Our Opinion: City wisely slows pursuit of annexation

Jefferson City officials wisely have slowed the headlong rush to annex more territory.

A plan to place two annexation proposals on the August ballot has been pushed back to possible spring elections in 2014.

Slowing the hasty process likely will reduce election costs, facilitate more deliberate planning and allow added time to cultivate good will among residents in areas proposed for annexation. The extension also will allow city officials to refine an annexation recommendation that targets smaller parcels on a more frequent basis, as opposed to fewer efforts to annex larger tracts.

The parcels now on the city’s annexation radar are:

• Rademan Lane sub-area and Frog Hollow 1 and 2 sub-areas, which include 192 people and 196 acres.

• Popp/Hamann Farm sub-area, Wildwood Extension sub-area, Rademan Farm-sub area and Webb Farm sub-area, which include a total of 40 people in 546 acres.

These areas are largely wooded and undeveloped; if annexed, they would become part of the city’s 4th Ward.

With regard to costs, municipal elections are held in spring, so costs are combined. During state and county August primaries in even-numbered years — or as a special election this August — Jefferson City would be charged the entire cost of the added ballot issue.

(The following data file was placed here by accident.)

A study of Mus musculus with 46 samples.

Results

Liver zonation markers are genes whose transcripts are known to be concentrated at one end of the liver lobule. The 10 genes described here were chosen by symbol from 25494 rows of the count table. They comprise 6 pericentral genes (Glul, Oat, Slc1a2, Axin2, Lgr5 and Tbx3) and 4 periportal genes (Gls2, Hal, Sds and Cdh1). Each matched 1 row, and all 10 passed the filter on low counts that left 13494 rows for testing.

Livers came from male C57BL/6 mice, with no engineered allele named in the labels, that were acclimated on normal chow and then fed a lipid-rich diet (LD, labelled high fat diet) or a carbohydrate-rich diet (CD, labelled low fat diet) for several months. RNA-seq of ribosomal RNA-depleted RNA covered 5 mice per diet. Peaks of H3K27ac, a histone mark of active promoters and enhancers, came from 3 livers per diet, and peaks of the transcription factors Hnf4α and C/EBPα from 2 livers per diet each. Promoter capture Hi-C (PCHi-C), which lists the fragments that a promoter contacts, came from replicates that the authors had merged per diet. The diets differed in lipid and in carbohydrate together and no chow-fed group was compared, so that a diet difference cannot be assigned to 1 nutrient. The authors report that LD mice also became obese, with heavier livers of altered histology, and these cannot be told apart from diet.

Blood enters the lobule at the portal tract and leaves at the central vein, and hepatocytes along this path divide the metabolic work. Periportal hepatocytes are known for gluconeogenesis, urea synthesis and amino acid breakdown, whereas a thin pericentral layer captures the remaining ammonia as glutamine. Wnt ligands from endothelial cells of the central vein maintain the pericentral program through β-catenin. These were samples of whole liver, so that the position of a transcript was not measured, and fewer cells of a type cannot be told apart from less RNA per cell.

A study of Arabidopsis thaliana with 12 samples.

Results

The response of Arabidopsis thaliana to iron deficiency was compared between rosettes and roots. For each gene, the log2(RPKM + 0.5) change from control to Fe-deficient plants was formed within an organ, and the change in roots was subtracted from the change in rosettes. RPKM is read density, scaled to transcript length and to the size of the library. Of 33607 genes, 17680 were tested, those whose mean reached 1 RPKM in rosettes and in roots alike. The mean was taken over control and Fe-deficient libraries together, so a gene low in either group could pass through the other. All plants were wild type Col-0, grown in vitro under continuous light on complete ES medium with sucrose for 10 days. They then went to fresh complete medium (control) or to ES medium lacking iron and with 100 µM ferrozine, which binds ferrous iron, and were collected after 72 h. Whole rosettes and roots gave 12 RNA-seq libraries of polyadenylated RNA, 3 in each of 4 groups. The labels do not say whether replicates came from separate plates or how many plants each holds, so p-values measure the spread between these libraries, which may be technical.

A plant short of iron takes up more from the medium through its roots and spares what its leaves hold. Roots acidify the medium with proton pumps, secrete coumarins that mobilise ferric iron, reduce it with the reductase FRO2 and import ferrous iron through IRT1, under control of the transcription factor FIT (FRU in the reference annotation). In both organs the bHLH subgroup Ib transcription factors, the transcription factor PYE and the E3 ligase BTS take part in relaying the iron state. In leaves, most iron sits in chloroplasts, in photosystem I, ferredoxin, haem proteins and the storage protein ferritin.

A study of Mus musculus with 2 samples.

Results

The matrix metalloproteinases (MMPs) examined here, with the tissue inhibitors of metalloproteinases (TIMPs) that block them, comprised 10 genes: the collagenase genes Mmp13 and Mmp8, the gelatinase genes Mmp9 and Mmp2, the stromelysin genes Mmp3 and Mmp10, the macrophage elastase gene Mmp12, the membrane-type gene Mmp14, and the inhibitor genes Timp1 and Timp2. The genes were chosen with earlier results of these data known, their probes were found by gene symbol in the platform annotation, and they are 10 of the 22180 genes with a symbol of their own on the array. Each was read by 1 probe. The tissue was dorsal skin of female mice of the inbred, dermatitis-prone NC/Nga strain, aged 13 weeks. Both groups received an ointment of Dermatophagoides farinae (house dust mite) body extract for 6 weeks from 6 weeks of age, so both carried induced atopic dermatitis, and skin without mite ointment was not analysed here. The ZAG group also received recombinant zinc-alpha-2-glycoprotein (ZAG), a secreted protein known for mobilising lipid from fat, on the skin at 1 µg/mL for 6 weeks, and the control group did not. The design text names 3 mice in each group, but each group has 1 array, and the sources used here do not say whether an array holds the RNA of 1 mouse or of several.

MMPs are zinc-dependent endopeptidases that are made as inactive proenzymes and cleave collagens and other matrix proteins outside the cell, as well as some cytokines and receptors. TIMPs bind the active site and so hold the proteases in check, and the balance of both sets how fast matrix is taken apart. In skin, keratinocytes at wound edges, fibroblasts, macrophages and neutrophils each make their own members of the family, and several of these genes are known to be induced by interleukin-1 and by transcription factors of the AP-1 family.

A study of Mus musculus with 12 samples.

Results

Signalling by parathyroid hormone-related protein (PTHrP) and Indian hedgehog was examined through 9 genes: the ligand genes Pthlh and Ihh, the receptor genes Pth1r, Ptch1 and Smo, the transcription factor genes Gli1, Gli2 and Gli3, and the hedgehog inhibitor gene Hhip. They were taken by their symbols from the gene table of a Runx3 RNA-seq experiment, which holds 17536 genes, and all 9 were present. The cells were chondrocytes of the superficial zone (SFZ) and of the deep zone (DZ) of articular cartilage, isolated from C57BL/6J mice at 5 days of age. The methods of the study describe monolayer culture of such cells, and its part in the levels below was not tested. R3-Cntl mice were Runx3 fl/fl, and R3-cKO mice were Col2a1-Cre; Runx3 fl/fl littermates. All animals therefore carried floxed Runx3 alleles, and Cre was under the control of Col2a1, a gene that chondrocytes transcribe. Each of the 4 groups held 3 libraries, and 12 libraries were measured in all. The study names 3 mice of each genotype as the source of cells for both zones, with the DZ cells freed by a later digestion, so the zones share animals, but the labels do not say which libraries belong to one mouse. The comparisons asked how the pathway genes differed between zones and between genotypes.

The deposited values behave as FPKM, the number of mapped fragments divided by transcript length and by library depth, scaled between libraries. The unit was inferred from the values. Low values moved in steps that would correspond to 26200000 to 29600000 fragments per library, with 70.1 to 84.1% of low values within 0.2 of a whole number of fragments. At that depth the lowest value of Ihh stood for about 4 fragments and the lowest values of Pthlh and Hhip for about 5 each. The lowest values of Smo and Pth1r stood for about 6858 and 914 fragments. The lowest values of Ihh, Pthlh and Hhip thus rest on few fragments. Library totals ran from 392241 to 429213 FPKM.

Eliminating haste also reduces the potential for errors. Janice McMillan, director of city Planning and Protective Services, said annexation proposals typically take between nine months and a year to develop.

The added time also gives city officials an opportunity to cultivate good will among people in areas targeted for annexation.

Mixed reaction already has been reported by City Administrator Nathan Nickolaus. “Some people have been fairly positive about it, some people very negative,” he said. “It’s what I would expect.”

We encourage the city to be more proactive. Annexation is a two-way street. In exchange for the expanded territory and an added tax base, newly annexed residents receive the promise of valuable city services.

City officials must reference previous annexations to show they have met promises to provide useful services.

If the city cannot demonstrate the merits of annexation, it has no business pursuing annexation.

We find targeting smaller annexation areas more consistent with the concept of showcasing mutual benefits.

We are less supportive of seeking annexation on a fixed timetable. Progressive expansion and shared growth must guide the process.